In the first half of 2016, 10 patients with bad burns and facial fractures were admitted to North Carolina Jaycee Burn Center at UNC Hospitals. They almost all needed surgery — and one patient lost his eye after an e-cigarette he was smoking exploded.
These cases represent a nationwide phenomenon of severe thermal burns caused by e-cigarettes. Thermal burn injuries happen when somebody is exposed to a contact with steam, flames, or hot surfaces and liquids with temperatures of at least 115 degrees.
“We know that this is a big problem at burn centers across the United States,” said Clare Meernik, MPH, research specialist in the UNC Tobacco Prevention and Evaluation Program. “We think these explosions are happening to a greater extent than the current medical literature suggests.”
Meernik is also the author of an editorial for the British Medical Journal, in which she calls for better surveillance and documentation of e-cigarette related injuries, regulation in their manufacture, and more information for consumers.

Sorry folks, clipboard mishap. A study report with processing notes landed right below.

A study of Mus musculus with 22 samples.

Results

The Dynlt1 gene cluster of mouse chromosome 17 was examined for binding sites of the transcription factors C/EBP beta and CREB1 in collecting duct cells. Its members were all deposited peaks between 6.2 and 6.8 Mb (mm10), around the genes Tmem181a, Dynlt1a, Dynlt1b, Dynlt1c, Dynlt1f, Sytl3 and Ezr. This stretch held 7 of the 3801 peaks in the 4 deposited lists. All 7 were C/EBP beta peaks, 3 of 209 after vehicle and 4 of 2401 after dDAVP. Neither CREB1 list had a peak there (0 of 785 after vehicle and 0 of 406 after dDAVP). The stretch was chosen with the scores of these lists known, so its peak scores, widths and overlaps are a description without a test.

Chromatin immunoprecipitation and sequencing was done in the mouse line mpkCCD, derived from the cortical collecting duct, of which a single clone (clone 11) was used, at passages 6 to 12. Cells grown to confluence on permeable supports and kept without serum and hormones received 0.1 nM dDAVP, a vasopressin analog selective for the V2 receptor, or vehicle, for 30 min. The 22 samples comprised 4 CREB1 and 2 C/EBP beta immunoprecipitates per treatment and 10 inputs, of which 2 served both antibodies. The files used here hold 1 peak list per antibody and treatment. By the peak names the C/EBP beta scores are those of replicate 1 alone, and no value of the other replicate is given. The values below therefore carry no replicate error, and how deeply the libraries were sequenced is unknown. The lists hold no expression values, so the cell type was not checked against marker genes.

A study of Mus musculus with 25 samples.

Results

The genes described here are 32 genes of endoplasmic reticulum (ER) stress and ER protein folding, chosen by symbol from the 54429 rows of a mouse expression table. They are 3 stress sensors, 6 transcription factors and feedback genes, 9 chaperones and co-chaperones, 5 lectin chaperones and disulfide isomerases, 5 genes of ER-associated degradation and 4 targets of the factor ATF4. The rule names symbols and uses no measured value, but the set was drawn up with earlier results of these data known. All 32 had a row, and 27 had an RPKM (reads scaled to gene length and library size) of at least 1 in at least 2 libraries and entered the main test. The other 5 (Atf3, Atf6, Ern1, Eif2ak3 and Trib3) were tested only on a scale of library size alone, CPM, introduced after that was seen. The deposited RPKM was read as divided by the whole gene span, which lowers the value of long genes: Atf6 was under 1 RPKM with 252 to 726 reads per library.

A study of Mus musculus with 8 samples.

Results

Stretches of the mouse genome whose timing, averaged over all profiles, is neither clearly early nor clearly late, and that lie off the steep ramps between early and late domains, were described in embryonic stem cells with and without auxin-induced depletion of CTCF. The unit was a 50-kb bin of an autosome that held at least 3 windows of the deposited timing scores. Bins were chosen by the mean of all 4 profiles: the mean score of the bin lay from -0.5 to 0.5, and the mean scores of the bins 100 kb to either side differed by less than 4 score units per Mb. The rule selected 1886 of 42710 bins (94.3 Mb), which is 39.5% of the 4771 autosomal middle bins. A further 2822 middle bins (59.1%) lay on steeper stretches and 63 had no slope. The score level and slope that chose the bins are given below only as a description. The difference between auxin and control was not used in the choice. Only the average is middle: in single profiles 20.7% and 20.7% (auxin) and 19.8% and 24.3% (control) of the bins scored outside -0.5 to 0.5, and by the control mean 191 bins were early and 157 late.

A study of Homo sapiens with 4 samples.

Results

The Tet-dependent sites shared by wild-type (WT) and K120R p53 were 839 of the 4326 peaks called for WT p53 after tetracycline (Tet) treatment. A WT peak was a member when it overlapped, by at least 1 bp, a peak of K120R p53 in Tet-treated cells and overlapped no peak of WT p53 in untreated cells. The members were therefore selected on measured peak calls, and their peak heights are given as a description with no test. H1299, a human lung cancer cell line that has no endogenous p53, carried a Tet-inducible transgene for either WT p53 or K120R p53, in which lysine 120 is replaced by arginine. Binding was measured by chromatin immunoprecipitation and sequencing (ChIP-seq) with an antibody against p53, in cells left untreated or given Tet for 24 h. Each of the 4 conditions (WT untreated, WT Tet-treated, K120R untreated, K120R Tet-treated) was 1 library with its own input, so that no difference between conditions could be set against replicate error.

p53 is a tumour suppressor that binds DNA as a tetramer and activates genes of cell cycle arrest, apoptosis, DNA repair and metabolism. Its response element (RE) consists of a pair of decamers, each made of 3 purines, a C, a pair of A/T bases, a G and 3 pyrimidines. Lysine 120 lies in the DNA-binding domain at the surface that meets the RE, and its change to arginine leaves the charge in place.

“There’s a flame component to the burn injury, but there’s also a chemical component,” said Felicia Williams, MD, who is an assistant professor of surgery at the UNC School of Medicine and co-author of the editorial. “We fear that trauma centers may not be aware of the severe nature of these burns. Patients need optimal long-term management to ensure wound healing occurs from both components.”
One of the main problems with the management of these wounds is that there is no national system used to code injuries related to e-cigarettes, and yet more than nine million people in the United States use them.
“We need a better surveillance system so we can begin to grasp the gravity of burn injuries in the United States and around the world,” Williams said. “We need to better document the scope of burn injuries in the medical literature and help physicians to be better prepared to treat patients with these particular kinds of burns and facial fractures.”